Recognised as a rising star in January 2019, laid off ten months later. That is the story of a former Paytm* employee The Ken spoke with. His story has parallels with thousands of other startup foot soldiers across the country, who have all been laid off from fast-growing startups. Often, with little to no warning. 

The ex-Paytm employee joined the payments company’s Smart Retail team in October 2018 as an entry-level manager. He was part of a fledgling team of 80 people that sold point of sale machines to merchants, and was in charge of onboarding merchants. “We were onboarding close to 300-400 merchants every week on average,” said the employee, who asked not to be named fearing repercussions.

Six months into the job, he was promoted. When he was asked to leave, he claims, it wasn’t because of the quality of his work, but because his role was no longer relevant to the company. He was one of 600 Paytm employees who were laid off by the company in 2019.

Over the past few months, layoffs like these have become increasingly common among India’s unicorn brigade—startups valued at or above $1 billion—or those aspiring to join the club. The reported number of layoffs in late-stage startups in 2019 stack up like this: food tech giant Zomato laid off 540 people, ride-hailing company Ola let go of 300, intercity cargo service company Rivigo retrenched 100, and furniture retailer Urban Ladder cut 246 employees from its payroll.

The most recent and high-profile firings, however, have been at OYO. The budget hotel chain has already sacked 1,200 of its staff across functions and geographies, with more layoffs expected shortly. And even while OYO has dominated headlines, e-pharmacy 1mg has quietly let 300 employees go.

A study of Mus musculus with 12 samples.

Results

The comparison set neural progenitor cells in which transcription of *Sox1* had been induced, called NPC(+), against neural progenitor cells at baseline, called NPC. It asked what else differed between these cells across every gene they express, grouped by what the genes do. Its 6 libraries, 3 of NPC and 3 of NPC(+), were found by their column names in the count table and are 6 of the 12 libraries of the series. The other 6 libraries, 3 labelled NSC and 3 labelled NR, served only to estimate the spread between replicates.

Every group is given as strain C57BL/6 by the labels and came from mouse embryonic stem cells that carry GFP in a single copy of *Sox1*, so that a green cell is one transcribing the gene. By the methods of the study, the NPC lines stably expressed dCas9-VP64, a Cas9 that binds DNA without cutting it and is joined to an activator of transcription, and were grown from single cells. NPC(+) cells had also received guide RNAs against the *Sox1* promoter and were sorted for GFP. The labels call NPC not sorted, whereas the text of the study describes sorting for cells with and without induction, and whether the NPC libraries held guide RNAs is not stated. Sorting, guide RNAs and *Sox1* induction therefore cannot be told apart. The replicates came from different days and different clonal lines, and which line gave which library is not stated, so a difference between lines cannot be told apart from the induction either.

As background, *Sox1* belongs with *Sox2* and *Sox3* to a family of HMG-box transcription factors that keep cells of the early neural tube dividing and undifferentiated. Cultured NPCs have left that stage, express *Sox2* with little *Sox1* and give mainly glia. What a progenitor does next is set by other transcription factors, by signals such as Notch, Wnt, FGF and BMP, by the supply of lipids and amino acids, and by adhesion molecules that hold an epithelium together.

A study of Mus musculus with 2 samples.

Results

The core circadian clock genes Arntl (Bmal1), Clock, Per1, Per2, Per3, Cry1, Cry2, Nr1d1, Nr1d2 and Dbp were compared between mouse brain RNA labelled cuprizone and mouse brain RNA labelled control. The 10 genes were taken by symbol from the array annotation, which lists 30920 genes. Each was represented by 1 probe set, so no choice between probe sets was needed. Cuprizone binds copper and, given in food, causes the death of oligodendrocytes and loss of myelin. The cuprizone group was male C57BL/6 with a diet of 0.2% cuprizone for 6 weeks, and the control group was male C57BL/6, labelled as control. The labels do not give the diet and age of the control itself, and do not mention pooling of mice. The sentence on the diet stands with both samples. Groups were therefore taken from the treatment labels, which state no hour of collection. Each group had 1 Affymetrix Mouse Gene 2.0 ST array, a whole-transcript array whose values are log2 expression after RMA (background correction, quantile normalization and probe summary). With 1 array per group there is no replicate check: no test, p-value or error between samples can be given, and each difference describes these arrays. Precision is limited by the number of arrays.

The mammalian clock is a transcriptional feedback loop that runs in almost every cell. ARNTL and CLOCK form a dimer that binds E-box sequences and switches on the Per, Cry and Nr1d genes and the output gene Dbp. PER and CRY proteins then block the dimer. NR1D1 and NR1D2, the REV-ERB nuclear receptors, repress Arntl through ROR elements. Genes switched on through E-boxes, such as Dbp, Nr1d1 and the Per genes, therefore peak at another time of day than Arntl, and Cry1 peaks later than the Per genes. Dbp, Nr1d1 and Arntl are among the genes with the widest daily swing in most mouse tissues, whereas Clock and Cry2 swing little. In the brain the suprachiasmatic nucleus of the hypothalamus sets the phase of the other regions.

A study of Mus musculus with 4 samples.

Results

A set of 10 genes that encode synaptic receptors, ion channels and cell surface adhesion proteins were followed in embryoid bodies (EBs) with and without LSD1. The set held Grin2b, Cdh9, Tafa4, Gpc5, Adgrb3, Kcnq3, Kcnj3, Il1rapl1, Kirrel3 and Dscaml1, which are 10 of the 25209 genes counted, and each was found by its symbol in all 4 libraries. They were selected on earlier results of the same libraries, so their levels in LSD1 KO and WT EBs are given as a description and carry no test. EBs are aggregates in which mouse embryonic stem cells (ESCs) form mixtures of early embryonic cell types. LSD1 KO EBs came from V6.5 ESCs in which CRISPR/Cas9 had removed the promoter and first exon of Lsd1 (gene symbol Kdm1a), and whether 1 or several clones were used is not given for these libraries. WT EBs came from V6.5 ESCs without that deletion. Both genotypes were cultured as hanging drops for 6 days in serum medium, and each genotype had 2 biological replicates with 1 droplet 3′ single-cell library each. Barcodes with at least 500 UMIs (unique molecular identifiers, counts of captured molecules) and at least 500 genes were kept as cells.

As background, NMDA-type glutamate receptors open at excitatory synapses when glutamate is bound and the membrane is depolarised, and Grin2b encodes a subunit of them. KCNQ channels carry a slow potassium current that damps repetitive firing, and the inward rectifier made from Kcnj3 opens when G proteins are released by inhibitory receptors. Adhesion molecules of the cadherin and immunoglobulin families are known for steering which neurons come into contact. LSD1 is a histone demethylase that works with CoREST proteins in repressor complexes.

Most of these layoffs have been at entry- and mid-level positions, and have been in companies that have a large offline component.

This sort of churn isn’t new in India’s startup landscape. The last such was in 2017 when companies like homestay aggregator Stayzilla were shutting down, while others like real-estate portal and e-commerce retailer Snapdeal were scaling down to stay afloat.

The similarities are glaring. Indeed, this cycle seems almost like a rite of passage among startups—hire-to-grow, fire-to-sustain.

“Companies grew in whichever way it brought them growth. When companies hire people to grow, those people don’t change the capabilities of a company… That doesn’t set up an organisation in a good way,” said the founder of a unicorn.

Now, the cost chickens have come home to roost. Co-working unicorn WeWork’s catastrophic attempts to go public and cab aggregator Uber’s sub-par initial public offering (IPO) showed that public markets aren’t sold on the growth-over-profit mentality that has ruled the startup space.